This section is jam packed with guidelines for ICD-10-CM. These guidelines can be found throughout all chapter sections of the code book. For this blog, I will touch only a few of these guidelines.
First, coding signs and symptoms seems straight forward, however determining when a symptom vs. the definitive diagnosis or both should be coded can challenge any coder who is not well versed in these guidelines. The guidelines state; “Codes that describe symptoms and signs, as opposed to diagnoses are acceptable for reporting purposes when a related definitive diagnosis has not been established or confirmed by a provider. Signs and symptoms that are associated routinely with a disease process should not be assigned as additional codes unless otherwise instructed by the classification. Signs and symptoms that may not be associated routinely with a disease process should be coded when present.” It’s this last guideline that tends to be a challenge. Signs and symptoms that are not routinely associated with the definitive diagnosis should be reported as additional codes. For example, a child who presents with nausea and vomiting resulting in a diagnosis of gastroenteritis, should not have the codes nausea and vomiting assigned because these symptoms are routinely associated with the disease process. However, if the patient also has a headache, because this symptom is not routinely associated with gastroenteritis it would be appropriate to report the additional code for headache. Coders must have an understanding of disease processes to accurately code. If in doubt I suggest using the internet to research the disease and/or discuss the scenario with a physician.
A guideline that is often overlooked is the proper use of combination codes. A combination code is one in which two diagnoses are combined into one code or when a diagnosis is associated with a manifestation or complication. Coders often forget about the new combination codes in ICD-10-CM or simply overlook the rules outlined in the codebook. Combination codes can be identified by reviewing the subterm entries in the Alphabetical Index and by reading the inclusion and exclusions notes in the Tabular List. The first quarter 2016 issue of AHA Coding Clinic published a clarification stating the subterm “with” in the index should be interrupted as a link between primary condition and any other condition indented under the word “with”. Examples of combination codes include:
- K35.32 - Appendicitis with perforation
- E10.42 – Type I Diabetes with polyneuropathy
- I25.110 – atherosclerotic heart disease of native coronary artery with unstable angina pectoris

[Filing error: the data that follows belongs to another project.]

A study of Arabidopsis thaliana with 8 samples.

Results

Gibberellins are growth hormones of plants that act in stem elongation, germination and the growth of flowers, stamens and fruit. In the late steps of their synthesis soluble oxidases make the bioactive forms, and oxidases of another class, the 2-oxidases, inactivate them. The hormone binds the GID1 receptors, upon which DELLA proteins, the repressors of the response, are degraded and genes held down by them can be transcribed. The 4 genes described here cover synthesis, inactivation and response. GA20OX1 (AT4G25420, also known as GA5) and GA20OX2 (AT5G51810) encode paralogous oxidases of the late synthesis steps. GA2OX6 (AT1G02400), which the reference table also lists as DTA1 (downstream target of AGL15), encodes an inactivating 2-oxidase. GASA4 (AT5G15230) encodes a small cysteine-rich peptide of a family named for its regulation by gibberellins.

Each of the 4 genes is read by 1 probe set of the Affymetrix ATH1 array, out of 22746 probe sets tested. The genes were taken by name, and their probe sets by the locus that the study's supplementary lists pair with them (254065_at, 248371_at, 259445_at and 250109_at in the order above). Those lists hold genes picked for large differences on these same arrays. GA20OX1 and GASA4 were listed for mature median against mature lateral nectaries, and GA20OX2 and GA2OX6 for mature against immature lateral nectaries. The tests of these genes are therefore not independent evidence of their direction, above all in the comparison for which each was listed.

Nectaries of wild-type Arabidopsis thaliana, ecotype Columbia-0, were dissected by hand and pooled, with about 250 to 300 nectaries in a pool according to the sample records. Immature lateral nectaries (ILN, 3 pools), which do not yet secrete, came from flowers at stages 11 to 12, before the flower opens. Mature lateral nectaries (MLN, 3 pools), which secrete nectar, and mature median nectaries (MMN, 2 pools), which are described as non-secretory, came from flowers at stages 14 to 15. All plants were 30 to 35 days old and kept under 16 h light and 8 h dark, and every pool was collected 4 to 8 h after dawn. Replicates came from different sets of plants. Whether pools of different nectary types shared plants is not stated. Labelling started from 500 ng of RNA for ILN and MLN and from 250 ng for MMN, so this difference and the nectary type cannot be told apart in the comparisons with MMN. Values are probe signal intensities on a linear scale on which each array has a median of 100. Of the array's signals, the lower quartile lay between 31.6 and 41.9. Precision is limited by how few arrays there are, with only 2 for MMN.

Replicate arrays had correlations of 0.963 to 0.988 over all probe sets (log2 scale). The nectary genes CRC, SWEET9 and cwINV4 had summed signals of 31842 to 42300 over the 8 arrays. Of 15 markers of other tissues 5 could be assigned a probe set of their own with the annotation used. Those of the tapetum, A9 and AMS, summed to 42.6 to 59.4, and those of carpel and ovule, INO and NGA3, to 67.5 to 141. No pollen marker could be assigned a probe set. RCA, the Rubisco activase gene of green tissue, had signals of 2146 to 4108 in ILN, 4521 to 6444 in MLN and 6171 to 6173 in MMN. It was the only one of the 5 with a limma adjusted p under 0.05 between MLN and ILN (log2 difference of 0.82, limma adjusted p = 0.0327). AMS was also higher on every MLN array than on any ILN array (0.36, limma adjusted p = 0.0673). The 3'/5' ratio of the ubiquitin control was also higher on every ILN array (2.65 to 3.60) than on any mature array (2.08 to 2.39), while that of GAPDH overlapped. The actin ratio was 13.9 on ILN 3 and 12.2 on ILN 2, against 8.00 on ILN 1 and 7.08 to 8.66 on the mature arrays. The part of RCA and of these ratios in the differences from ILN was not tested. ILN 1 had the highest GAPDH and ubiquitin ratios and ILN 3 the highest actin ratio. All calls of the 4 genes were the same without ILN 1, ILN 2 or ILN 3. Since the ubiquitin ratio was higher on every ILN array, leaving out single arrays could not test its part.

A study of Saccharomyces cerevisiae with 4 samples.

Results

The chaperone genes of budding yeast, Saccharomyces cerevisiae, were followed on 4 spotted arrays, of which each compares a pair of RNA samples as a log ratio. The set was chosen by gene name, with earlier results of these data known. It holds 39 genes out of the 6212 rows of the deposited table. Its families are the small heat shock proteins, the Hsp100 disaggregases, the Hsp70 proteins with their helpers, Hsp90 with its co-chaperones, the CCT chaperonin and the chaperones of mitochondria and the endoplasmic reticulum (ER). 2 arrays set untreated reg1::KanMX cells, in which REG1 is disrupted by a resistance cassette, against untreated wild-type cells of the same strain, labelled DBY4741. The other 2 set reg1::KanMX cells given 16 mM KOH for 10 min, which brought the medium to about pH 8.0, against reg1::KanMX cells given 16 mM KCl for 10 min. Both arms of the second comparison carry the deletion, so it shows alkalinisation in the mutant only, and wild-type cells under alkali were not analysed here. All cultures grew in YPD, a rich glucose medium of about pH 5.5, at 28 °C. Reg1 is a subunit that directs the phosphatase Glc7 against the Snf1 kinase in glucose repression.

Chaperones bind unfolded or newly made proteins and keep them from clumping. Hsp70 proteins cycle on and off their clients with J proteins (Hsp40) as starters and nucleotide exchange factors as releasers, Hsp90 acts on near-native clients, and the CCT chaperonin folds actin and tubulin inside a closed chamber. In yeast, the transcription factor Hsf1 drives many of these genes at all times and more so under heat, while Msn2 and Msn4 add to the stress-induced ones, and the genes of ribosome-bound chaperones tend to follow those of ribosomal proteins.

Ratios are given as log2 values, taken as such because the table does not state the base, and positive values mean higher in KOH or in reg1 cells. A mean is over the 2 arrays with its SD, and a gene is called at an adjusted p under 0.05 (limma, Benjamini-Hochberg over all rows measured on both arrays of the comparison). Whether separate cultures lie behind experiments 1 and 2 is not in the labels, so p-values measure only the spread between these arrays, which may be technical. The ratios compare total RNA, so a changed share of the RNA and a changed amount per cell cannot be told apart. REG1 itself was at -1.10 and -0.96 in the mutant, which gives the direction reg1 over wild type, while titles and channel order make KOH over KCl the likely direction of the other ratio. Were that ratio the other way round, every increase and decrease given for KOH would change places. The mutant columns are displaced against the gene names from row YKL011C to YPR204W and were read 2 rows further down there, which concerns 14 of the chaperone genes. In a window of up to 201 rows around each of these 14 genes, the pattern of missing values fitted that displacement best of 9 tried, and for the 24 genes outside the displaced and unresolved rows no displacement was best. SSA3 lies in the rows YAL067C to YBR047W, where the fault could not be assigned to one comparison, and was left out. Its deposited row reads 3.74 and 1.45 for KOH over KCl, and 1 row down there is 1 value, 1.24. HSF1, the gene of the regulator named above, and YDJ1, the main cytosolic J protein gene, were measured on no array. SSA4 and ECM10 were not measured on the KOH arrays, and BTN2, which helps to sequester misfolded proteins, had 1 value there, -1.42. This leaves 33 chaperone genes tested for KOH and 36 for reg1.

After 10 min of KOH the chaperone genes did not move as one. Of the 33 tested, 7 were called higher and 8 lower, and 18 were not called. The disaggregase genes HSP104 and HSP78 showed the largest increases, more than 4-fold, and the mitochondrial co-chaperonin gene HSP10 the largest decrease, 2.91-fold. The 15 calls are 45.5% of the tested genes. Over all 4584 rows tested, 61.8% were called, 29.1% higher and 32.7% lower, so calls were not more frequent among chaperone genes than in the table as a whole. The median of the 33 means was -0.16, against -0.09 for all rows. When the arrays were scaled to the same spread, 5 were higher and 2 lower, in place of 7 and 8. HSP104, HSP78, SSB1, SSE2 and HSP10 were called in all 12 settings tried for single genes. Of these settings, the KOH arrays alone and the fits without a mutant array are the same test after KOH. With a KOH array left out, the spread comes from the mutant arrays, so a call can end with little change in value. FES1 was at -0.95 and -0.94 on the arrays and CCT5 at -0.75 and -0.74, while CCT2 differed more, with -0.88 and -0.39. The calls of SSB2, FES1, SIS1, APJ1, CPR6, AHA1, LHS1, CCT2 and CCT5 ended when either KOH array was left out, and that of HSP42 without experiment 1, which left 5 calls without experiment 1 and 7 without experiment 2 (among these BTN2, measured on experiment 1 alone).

The final guideline I wanted to discuss in ICD-10-CM is the term Sequelae which replaced the well-known and understood term Late Effect. The sequela concept is applied to codes as the 7th character digit S. Sequelae are residual effects, complications or conditions produced after the acute phase of an illness or injury has ended. There is not a specific time limit on when a sequela code can be used which can cause a debate among coders. A residual effect, complication or condition can present during the early stages of a disease processes such as with a cerebral infarction or it can occur months or years later. Examples of residual effects, complications or conditions include: scar due to a burn or other open injury, deviated septum due to a fractured nose, infertility due to a tubal occlusion, pain from an internal fixation device due to a fracture. The ICD-10-CM guideline instructs a coder to include two codes; first code the condition of nature of the sequela then code the sequela (the residual effect, complication or condition). An exception to this rule is when the code for the sequela (the residual effect, complication or condition) is followed by a manifestation code identified in the Tabular List. Additionally, the code for the acute phase of the illness or injury that led to the sequela (the residual effect, complication or condition) should never be used with the late effect code. For example, a patient with dysphasia following a nontraumatic subarachnoid hemorrhage should be coded with I69.021.
In all three of these guidelines a coder must not only know the rules but must understand disease processes and when to apply the rules appropriately. With the industry moving towards a risk based and valued based payment models it is ever more important to ensure accuracy of your coding.